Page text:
In the YA adventure The House of Dead Maids, author Clare B. Dunkle bring Heathcliff and Seldom House to life before Emily Brontë’s Wuthering Heights takes place. Learn why Dunkle fell in love with the classics and some of the alternate beginnings, middles and endings that she would weave into four other classic tales.
Lots of readers come to the classics through well-meaning but boring school assignments, and there’s nothing like making a thing mandatory to suck all the thrill out of it. But I didn’t have to go to school to find the classics. My mother was an English professor, so our house had a room stuffed with the greatest books ever written, and she was always ready to help me find more interesting layers in those books.
That’s how I wound up writing a prequel to Emily Brontë’s classic, Wuthering Heights. I’ve been fascinated by the savagery and mysticism in that gloomy story ever since I read it as a child of nine. So my latest book, The House of Dead Maids, tells my own version of Heathcliff’s backstory. My little book is dark and spooky. Gray-skinned, eyeless ghosts slip through its pages. But my young heroine, Tabby Aykroyd, has the heart of a lion, and she manages to save herself from a hideous fate—which is good, because she has to become the real-life housekeeper for the famous Brontë sisters.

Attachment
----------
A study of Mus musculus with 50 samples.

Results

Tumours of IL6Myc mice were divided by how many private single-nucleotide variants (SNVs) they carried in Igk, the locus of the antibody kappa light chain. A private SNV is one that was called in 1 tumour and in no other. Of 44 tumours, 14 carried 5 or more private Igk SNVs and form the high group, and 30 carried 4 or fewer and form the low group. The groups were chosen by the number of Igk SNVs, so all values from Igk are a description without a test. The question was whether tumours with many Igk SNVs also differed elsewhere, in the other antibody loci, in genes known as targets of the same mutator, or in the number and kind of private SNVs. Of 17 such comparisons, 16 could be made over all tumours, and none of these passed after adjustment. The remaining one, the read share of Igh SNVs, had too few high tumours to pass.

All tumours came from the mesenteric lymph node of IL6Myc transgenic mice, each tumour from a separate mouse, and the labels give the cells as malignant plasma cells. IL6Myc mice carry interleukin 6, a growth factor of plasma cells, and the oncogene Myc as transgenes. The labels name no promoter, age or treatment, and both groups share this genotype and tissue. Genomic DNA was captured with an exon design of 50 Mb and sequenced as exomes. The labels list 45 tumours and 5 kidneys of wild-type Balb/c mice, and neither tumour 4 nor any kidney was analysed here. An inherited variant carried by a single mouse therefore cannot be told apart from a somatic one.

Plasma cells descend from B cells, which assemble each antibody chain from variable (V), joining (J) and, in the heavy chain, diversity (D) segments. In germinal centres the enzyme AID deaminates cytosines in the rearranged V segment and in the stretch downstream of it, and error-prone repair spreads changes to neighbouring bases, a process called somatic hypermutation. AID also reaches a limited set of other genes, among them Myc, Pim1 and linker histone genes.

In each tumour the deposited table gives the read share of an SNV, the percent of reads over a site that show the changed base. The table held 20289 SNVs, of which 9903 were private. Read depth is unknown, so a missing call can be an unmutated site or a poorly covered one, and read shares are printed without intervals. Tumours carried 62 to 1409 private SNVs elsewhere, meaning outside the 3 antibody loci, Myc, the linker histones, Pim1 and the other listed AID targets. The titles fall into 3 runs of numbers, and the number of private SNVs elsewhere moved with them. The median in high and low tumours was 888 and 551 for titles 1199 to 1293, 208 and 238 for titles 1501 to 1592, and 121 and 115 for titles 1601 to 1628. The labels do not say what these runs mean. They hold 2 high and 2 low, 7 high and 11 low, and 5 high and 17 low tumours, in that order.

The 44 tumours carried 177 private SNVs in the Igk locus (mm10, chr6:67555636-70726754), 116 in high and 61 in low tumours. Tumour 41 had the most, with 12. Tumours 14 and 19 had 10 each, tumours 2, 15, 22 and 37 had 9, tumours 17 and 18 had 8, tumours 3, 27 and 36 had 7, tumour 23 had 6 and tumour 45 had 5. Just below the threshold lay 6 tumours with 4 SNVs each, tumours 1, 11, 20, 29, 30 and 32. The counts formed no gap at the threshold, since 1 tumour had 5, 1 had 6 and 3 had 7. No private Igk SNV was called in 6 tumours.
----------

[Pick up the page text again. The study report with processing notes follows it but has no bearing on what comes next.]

I don’t plan to write any more prequels to classics, but when I was young, I spent long summer days daydreaming my own beginnings, middles, and endings to them as I loitered in my mother’s incredible library. I was Brynhild, a Valkyrie maiden, flying through the sky on my winged horse, and I had much better taste than to settle for that forgetful fathead, Sigurd. I was an elf girl who joined the Fellowship of the Ring in the Mines of Moria, and I saved Boromir’s life.
One classic that I had a love-hate relationship with as a teen was Charlotte Brontë’s Jane Eyre. I loved Mr. Rochester, and I was furious that Charlotte maimed and blinded him just so Jane could have a quiet life at home. In my version of that story, Jane comes home to find him lonely but uninjured, and he whisks his young bride off on a tour of foreign capitals, just as he had planned to do. Jane thinks she won’t enjoy all the bustle and confusion. But you know what? She does.
Another classic that I couldn’t resist playing around with was Hamlet. Ophelia fascinated me. She hardly got a word out and got bossed around by everybody until she went mad. Then she could finally say whatever she wanted. I thought about Ophelia and her madness, and I decided that maybe she wasn’t mad. Maybe, watching Hamlet, she had learned that madness allowed freedom, so she was only pretending to be mad. And then, during that memorable death scene (which feels so well staged), maybe she was falling into a deathlike sleep in order to escape to a place where she live the life she wanted. A wild plot twist? Sure, but it almost worked for Juliet.
So I liked to imagine Ophelia as the sole survivor of that Titanic of a play. I pictured her knocking on her coffin lid at midnight to some fellow conspirator in the graveyard, calling for him to hurry up as he shoveled off the dirt, and then tossing aside Queen Gertrude’s flowers as she walked off to her new life. Ophelia, crazy like a fox. That’s my kind of drowned dead girl.
- Clare B. Dunkle
You can pick up your own copy of The House of Dead Maids on shelves now!